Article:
The good news is that millennials are more likely to shop at small businesses than any other generation, so make sure you're ready. Here are a few tips to get you a little more millennial-friendly.
Find a way to get their feedback
Millennials want their opinions to be heard. They enjoy the chance to collaborate with you when you're developing products or services. Get their feedback any way you can—use focus groups, conduct surveys, ask them to participate in beta test groups, etc.
When you invite this generation to be a part of your product and service development, you'll be amazed at what you'll learn, and they'll be incredibly loyal to your business (and tell their friends about it as well).
If you're not on social media, it's easy to get started. You don't have to be on every platform—but you should consider being on more than one. Using social media, you can easily connect with this target audience. Post videos or insightful information about who you are and what you do. Stay engaged with any social media account you have and respond to posts or comments quickly.
Use diverse marketing tactics
When you're marketing to millennials, you need to get the point quickly. While they want to be informed prior to buying something, they really don't like to spend a lot of time doing so. This means you need to be smart with the marketing tools you use and when you use them. Consider using videos (but keep it under a minute), podcasts, infographics, short blog posts, and unique Tweets or Instagram posts. If you don't have a mobile app, now may be the time to develop one. Be sure your website is interactive and easy to navigate. No matter what type of marketing tool you use, though, the message must be direct, consistent, and even a little humorous or clever.
Keep up with technology
If you use technology for any part of your customer experience, be sure it works—and works well. This generation has grown up shopping, learning, communicating and being entertained digitally. They want that experience wherever they shop. So, you need to find ways to simplify the buying process and keep things as intuitive as possible.
For example, if you own a local smoothie store, offer a free app that will allow your customers to order a smoothie online (customized to their needs). They can pick up the smoothie upon arrival at your store, and then earn points for every smoothie purchased. You'll likely have a customer for life.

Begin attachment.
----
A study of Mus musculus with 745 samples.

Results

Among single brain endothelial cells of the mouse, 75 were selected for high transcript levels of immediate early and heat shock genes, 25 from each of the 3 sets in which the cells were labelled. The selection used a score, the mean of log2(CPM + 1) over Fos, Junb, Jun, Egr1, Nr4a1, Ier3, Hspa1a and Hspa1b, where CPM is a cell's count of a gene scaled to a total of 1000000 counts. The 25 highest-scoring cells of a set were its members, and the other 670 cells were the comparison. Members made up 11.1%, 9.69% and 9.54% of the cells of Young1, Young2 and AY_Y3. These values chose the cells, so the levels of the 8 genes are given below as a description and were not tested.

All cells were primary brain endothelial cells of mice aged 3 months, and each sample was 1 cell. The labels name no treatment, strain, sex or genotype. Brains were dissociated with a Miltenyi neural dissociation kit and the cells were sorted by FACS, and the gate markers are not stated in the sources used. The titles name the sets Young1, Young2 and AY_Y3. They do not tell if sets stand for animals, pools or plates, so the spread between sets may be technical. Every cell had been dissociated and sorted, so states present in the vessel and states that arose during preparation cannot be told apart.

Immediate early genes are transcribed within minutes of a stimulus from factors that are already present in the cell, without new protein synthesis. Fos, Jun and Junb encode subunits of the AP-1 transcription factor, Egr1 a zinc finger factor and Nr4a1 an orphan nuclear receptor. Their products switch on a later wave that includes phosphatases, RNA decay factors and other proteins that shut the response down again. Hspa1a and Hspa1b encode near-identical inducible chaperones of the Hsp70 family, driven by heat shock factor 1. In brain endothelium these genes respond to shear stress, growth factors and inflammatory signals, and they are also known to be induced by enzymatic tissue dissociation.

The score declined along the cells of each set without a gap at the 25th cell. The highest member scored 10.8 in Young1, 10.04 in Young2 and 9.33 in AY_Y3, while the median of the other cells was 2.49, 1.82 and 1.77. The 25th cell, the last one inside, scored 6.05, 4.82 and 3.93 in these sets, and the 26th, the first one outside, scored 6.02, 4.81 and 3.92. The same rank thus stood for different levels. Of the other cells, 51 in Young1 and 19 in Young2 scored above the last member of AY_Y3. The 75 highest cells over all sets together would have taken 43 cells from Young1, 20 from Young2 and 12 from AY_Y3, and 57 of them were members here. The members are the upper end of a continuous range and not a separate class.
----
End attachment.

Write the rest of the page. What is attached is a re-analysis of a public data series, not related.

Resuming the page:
Be a good citizen in your community
Most millennials care about the environment, and particularly their community. And, they prefer to do business with those that feel the same way. So, consider how you can be more socially responsible in your community. Maybe that means you sponsor a toy or food drive, or make more eco-friendly choices as a business. The key is to find ways you can positively contribute to your community and then let people know about it—and encourage them to do the same.
Share your reputation
Millennials care about whether or not a business has a good reputation. And, more critically, they care what others think about you. So, it's important you highlight good reviews on social media, your website, or even using a flyer or poster in your store. If you receive testimonials, positive ratings, or even awards, post them. Be as transparent as possible.
Most millennials care about whether or not your business does exactly what it says it does. Don't overpromise and under deliver—that will drive away customers quicker than you can imagine. Give customers a "behind the scenes" look at your business, or share some of your processes with them. Get to know your customers in person or through video—let them see the face behind your business. Guarantee your service and really mean it.
By following these strategies, your business will be on the road to a brighter future. But, this is just a start. As you continue to learn more about this generation and get their feedback, you'll find your business may grow organically in ways you hadn't anticipated.
Branch Banking and Trust Company, Member FDIC.